News

Honors program director reflects on transition, future plans

By Emma Brenner
Staff Writer

In August 2018, the new director of KU’s honors program, Dr. Jennifer Schlegel, replaced Johanna Forte, who retired after directing the program for nine years. After taking a semester to become acclimated with the position, Schlegel is eager to bring new opportunities to honors students. Forte is also hopeful for the honors program’s success under its new leadership.

Being a member of KU’s anthropology and sociology department and having been a state system professor since 2005, Schlegel applied to be the honors director because it aligned with her passion to advocate for driven learners.

“I like working with extremely, highly motivated students,” she said. “I want to do the best to represent their needs, their interests, and their desires.”

Her transition into the role of director came quickly, as orientations began weeks after her induction.

“Being a director was a new role for me, and I hit the ground running,” Schlegel said. “I’ve been  spending the year learning about the program as much as learning about the students and trying to make it the best it can be for the students.”

Schlegel has done this by meeting with department deans and contacting the program’s connections in housing, admissions and financial aid.

“I see myself as the number one advocate for these students,” Schlegel added.

Like Forte, Schlegel views honors students and their needs as her priority when making directorial decisions.

“I believe the purpose of the honors program is to challenge and support students in their path to academic success and their journey to success… to challenge and support them in achieving success, not just in the classroom, but as contributing members of society,” Schlegel noted. “Ms. Forte and I both want what’s best for the students.”

After working as a professor in KU’s theatre program as its costume designer for 22 years, Forte became the honors director in 2009 and went on to shape the high-achievement program into what it is today.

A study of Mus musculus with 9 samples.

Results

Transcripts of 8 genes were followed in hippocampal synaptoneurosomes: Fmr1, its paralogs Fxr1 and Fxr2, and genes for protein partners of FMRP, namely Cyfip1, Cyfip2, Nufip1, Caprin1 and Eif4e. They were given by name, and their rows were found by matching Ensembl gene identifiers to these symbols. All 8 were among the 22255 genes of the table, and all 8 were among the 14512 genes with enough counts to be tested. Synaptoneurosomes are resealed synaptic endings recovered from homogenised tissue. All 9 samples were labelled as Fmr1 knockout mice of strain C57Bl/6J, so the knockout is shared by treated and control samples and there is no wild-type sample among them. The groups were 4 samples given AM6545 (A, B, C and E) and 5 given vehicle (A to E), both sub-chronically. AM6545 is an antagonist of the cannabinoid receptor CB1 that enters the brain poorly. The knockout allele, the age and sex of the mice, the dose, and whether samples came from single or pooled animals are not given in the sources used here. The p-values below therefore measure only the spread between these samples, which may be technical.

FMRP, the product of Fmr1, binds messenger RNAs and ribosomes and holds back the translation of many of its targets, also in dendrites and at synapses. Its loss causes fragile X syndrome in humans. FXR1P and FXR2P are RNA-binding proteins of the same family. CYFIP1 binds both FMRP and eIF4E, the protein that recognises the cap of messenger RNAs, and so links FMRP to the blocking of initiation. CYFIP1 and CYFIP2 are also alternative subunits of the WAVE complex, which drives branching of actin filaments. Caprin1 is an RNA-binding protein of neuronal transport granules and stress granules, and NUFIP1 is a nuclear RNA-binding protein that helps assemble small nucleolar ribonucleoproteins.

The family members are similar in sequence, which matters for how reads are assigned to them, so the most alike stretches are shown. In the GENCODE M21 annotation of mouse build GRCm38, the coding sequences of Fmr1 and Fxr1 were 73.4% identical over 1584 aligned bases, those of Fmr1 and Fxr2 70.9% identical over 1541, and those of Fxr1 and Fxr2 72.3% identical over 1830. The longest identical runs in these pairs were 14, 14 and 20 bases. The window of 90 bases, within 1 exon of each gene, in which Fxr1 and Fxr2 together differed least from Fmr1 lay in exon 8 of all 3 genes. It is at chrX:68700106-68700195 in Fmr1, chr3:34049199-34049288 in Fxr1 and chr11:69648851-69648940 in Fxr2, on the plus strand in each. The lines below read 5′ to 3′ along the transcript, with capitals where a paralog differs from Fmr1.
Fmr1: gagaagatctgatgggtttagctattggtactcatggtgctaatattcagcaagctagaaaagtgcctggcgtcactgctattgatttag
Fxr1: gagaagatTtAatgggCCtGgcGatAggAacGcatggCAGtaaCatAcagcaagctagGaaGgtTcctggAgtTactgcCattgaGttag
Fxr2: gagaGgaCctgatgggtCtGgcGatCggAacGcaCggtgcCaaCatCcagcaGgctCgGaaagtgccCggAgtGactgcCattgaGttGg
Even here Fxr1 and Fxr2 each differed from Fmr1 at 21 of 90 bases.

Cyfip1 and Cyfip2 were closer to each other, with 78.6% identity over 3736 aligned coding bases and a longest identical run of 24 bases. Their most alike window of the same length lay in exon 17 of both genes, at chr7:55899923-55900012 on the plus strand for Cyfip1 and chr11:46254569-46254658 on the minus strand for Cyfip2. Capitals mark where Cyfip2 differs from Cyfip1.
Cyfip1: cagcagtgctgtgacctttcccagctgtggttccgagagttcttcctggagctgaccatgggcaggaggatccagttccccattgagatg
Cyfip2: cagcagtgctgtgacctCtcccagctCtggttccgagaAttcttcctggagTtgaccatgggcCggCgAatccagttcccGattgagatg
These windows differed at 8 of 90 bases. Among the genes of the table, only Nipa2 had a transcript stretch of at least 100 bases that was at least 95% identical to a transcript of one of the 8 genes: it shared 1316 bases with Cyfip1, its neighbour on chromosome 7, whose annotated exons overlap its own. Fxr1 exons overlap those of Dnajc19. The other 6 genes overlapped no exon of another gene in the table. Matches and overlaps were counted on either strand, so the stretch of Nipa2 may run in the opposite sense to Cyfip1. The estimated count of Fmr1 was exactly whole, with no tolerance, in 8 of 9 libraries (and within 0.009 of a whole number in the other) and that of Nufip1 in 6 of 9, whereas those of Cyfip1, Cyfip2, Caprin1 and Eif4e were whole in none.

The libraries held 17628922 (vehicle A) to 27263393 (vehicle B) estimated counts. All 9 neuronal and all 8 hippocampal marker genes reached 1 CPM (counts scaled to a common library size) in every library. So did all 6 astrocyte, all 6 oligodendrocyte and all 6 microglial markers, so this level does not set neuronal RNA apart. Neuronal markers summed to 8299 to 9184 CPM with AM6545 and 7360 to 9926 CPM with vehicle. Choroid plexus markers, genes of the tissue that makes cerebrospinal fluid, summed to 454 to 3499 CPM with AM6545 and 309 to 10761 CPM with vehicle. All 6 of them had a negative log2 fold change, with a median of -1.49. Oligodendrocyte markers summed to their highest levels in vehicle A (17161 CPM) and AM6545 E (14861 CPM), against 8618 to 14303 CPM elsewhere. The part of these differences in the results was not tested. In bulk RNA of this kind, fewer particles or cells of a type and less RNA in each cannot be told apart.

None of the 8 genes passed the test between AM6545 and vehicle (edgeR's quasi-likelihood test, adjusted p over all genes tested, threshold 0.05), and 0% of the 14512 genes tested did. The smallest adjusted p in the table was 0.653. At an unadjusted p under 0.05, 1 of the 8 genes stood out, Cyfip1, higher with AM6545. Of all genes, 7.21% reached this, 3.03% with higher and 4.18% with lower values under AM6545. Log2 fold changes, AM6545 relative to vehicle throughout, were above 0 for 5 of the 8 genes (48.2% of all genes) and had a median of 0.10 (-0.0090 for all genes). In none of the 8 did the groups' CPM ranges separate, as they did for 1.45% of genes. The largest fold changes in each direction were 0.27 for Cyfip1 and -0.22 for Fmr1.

“The honors program is a program for high-ability students,” said Forte. “And I’ve always felt very strongly that, in order for a high-ability student to be successful in the program, it needs to meet their needs, academically and socially. So, it was important to me to survey the existing students at that time to find out what it is they wanted from this program and then to try to reconfigure the program to meet those needs.”

Forte solidified honors program guidelines, including the honors capstone project, and instituted required social events and trips to nurture student-bonding. When asked what the purpose of the program was, she said, “Service, leadership and intellectual discovery.”

While keeping the program student-focused, Schlegel hopes to add more experiential learning opportunities. These may include greater involvement in the community, study abroad programs and promoting the honors capstone project as a method to integrate academic and personal interests. Adding an honors interdisciplinary minor to the program and requiring staff to apply to become honors faculty are also part of her dreams.

“I do have big dreams for the program,” Schlegel said. “It’s hard to be a big dreamer when your day-to-day is still learning the program.”

Schlegel was supported in her transition by the then-honors secretary, Elaine Schwien, and the team in Honors Hall. To aid her “big dreams,” she consistently seeks student feedback to improve the program like Forte did as director. In fact, Schlegel’s hope of developing an honors college is one shared with Forte.

When Forte was the director, she urged students to pursue their goals and work to their full potential. Similarly, Schlegel aims to inspire current students to take risks by getting involved with new ideas, new subjects and new organizations.

“Healthy risk-taking is an important part of not just learning as a student, but as a human being in the world,” Schlegel said.